Banks should use a government-backed share purchase program to reduce stock holdings that caused $10 billion of losses at Japan’s three biggest lenders last year, the country’s top financial regulator said.
“A bank’s financial standing is linked to its holdings of investments, such as shares, and I’d like to see forward-looking risk controls,” Katsunori Mikuniya, 58, who became commissioner of the Financial Services Agency on July 14, said in an interview. “The Banks’ Shareholdings Purchase Corp. is now available, and we’d like banks to use it.”
A 28 percent rally on the Nikkei 225 stock average since the April 1 start of the business year may give banks a chance to sell stocks at a profit.
Mitsubishi UFJ Financial Group Inc., the nation’s biggest bank, said last month it was sitting on ¥500.7 billion in unrealized gains on its share portfolio after booking ¥409 billion in losses last year.
“The large banks all have huge cross-shareholdings in equities and they don’t need these things,” said Daniel Tabbush, a Bangkok-based analyst at CLSA Asia-Pacific Markets. “The problem is there is too much volatility in the earnings of the Japanese banks and capital with the market going up and down.”
The government passed legislation in March allowing it to buy as much as ¥20 trillion in shares held by the lenders to boost their capital and bolster a stock market. The Banks’ Shareholders Purchase Corp. purchased a total of ¥137.9 billion in stocks by the end of July, equivalent to 6.9 percent of the fund’s budget to March 2012.
Laws on bank shareholdings are presently limited to ensuring that stock portfolios don’t exceed Tier 1 capital.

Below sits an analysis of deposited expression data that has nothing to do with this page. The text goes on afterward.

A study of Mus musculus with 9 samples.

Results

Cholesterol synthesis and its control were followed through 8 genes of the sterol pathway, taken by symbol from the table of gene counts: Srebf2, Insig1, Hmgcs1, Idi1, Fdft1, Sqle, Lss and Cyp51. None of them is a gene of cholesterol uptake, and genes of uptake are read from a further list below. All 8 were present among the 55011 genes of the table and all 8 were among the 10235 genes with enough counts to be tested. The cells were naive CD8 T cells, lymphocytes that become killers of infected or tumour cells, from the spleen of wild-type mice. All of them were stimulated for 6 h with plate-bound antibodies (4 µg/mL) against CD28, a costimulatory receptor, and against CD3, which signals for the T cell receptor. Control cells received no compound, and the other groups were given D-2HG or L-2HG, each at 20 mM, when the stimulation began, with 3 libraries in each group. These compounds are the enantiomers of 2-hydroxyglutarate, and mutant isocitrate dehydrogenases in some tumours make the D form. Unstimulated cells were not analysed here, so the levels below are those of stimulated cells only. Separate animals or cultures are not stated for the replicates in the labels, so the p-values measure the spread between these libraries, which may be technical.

Mikuniya, who joined the Finance Ministry in 1974 and served as director general of the regulator’s supervisory bureau before becoming FSA commissioner, said further reductions should be voluntary. Mikuniya, who was speaking last Wednesday, cautioned that forced sales could be disruptive to the economy and markets.
Banks held ¥18.7 trillion in shares as of March 31, compared with ¥44.3 trillion in March 2001, according to data from the Japanese Bankers Association.
“Banks worry about losing their relationships with firms they’re invested in, and being able to lend to them after selling shares,” said Reiko Toritani, an analyst at Fitch Ratings in Tokyo. “Companies don’t want banks to sell the shares, as they want stable shareholders to block takeovers.”
The buyback program allows banks to sell at market prices without immediately affecting the stock of the companies, because the Banks’ Shareholders Purchase Corp. can hold the securities until at least 2022.
Share holdings by banks date back to before the war, when many lenders were parts of zaibatsu business conglomerates that spanned finance, trade and industry. Cross-shareholdings continued in the postwar era, even after the U.S. forced the formal breakup of the zaibatsu.
Mitsubishi UFJ, and its two largest rivals, Mizuho Financial Group Inc. and Sumitomo Mitsui Financial Group Inc., have been forced to sell more than $18 billion in shares since December to boost capital after booking a combined loss of ¥1.2 trillion in the fiscal year that ended March 31.
Mizuho Chief Executive Officer Takashi Tsukamoto said in March he wanted to cut the bank’s stockholdings to ¥2 trillion to reduce risk to earnings. The lender, which had the largest share writedowns of any bank last year, had ¥2.6 trillion in stockholdings at the end of March.
Mitsubishi UFJ CEO Nobuo Kuroyanagi said in May he also wanted to reduce shareholdings in consultation with affected clients. The bank had the largest shareholdings of any Japanese bank at the end of June, at ¥4.35 trillion.
“It’s a good idea to try to get them to sell,” said CLSA’s Tabbush. “The best thing they could do with the money is pay it out in dividends.”